Whilst inclusive design and accessible design belong to the same family, they have some key differences.
Mark Critchley

Mark Critchley

2 minute read
May 18, 2021
Whilst inclusive design and accessible design belong to the same family, they have some key differences.
Inclusivity vs. accessibility: what's the difference? Image

But whilst inclusive design and accessible design belong to the same family, they have some key differences.


What is accessible design?

Accessibility is all about designing an experience to meet the needs of everyone within your audience, including those with disabilities. When it comes to creating content, accessible design is making sure that everyone has the same access and that no one becomes excluded.

By making sure that your content and campaigns are accessible, you’re demonstrating to your audience that you actively care about their experience and want to guarantee an equal experience for everyone.

There are even some laws surrounding accessible design for some organisations to adhere to, which you can read about in full by clicking here.


How do you create an inclusive

Inclusiveness, or the practice of inclusivity, is creating content that is mindful of a broad range of users, their variable abilities, their variety of environments, situations, and contexts.

Inclusiveness differs from accessibility in that it doesn't specifically address a particular need or problem that the audience may have, but instead provides a spectrum of tools and features that the end user can choose from to fit their requirements in that given environment or context. In short, an inclusive experience goes further from accessibility as it doesn’t just question whether someone can use something, but whether they in fact want to.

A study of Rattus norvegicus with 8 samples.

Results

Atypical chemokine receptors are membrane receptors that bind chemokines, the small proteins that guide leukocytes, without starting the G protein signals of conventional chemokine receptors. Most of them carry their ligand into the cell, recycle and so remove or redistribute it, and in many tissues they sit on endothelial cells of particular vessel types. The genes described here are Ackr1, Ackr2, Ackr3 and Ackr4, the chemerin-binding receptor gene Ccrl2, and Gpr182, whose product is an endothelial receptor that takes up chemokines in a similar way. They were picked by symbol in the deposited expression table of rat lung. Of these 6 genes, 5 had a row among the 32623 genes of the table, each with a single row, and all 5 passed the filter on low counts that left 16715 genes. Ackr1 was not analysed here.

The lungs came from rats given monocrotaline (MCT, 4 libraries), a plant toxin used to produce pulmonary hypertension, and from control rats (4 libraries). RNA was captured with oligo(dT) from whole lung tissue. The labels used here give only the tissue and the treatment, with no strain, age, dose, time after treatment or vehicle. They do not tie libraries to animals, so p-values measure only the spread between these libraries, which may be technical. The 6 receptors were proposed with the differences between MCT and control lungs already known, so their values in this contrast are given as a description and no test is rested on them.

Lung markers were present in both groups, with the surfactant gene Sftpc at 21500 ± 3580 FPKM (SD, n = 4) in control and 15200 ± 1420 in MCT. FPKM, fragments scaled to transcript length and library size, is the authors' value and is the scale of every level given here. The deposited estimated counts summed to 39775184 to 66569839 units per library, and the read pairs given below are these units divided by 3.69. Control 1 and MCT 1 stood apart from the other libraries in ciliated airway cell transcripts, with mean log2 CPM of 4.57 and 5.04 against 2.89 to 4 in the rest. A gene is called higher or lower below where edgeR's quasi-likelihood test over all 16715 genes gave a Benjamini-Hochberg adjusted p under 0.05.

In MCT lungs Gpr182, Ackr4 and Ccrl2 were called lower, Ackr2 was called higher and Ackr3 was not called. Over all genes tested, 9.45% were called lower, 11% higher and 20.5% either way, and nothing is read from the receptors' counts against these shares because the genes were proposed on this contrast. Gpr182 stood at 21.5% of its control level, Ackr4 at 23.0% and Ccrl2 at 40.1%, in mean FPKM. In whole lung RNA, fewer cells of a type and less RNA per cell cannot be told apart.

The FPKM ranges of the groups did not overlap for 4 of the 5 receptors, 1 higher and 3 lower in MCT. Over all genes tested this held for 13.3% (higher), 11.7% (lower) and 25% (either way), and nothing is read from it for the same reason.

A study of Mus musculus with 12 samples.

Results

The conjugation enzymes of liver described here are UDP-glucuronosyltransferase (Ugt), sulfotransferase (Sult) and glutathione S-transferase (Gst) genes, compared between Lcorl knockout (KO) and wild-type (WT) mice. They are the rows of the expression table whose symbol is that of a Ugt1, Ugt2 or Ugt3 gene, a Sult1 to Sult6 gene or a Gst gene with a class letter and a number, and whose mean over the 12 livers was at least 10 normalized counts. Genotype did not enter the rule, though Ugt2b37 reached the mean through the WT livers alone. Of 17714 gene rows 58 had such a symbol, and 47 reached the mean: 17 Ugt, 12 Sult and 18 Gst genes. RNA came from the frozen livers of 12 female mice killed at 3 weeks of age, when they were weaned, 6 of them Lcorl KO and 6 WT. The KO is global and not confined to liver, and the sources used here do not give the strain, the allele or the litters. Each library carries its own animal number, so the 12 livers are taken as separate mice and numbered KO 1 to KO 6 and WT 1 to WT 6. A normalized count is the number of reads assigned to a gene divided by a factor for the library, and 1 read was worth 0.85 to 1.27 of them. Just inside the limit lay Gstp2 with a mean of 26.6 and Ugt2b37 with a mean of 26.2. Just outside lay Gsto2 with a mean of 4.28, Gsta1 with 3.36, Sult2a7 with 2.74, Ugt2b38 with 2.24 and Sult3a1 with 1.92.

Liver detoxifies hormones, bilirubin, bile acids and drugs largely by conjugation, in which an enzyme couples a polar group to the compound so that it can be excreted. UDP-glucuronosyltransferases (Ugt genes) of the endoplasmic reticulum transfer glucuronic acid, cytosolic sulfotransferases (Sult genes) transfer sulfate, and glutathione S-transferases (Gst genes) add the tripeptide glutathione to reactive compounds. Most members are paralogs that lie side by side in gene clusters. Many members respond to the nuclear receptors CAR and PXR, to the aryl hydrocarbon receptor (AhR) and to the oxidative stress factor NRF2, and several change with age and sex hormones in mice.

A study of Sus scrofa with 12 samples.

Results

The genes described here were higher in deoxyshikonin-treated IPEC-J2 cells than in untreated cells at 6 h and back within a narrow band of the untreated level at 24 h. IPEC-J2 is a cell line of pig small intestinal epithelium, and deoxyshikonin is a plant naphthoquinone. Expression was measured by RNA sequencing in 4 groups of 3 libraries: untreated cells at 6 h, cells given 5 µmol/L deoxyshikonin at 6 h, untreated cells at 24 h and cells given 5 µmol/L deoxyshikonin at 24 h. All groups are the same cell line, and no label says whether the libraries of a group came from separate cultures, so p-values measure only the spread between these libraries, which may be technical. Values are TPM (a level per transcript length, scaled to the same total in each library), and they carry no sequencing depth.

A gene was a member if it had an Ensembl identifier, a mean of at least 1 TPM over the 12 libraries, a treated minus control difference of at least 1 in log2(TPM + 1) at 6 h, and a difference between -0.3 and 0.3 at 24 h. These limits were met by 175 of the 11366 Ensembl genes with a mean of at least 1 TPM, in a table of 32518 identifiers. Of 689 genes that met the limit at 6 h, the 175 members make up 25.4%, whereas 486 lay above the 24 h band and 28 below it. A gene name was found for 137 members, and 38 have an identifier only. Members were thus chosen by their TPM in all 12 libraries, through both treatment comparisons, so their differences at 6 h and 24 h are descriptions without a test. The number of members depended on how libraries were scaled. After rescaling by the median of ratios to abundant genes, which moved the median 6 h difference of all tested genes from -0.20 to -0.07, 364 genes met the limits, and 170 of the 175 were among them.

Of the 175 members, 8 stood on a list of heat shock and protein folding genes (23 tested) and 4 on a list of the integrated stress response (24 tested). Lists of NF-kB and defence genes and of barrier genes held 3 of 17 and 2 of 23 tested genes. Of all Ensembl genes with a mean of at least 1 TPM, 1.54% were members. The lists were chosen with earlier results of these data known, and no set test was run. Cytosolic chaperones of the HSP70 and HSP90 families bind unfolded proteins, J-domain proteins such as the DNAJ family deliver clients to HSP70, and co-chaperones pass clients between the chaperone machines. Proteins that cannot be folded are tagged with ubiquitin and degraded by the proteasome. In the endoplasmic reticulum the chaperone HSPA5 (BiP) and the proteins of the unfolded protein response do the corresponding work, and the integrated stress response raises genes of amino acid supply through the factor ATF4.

For us, inclusive design is all about empathising with our audience. It means depicting all types of diversity in our imagery to ensure that we're representing a wider demographic of people with regards to ethnicity, ability, gender and sexual orientation. This helps the audience to relate to the content by picturing themselves within it.


Why the two go hand in hand

The boundaries between ‘accessibility’ and ‘inclusivity’ often become blurred, with the two terms frequently being used interchangeably in the design world. But understanding how the two differ and, more importantly, how they complement each other is essential to creating the best possible experience for your audience.

While accessible design provides the foundation of ensuring that everyone can experience your content, inclusive design asks you to consider the content itself. Accessibility requires pragmatism and logic, and is based upon objective, measurable facts such as contrast ratios, font sizes, browser versions and alternative text. Inclusivity is more emotional and subjective, prompting you to put yourself into the audience’s shoes to consider whether the experience is something they will actually enjoy or benefit from.

By considering and employing both of these design practices, you’ll be creating a more well-rounded experience for your audience that considers their desires as well as their needs.


If you’re looking for support in creating content that is both accessible and inclusive for your audience, get in touch with us today and we’d be happy to help.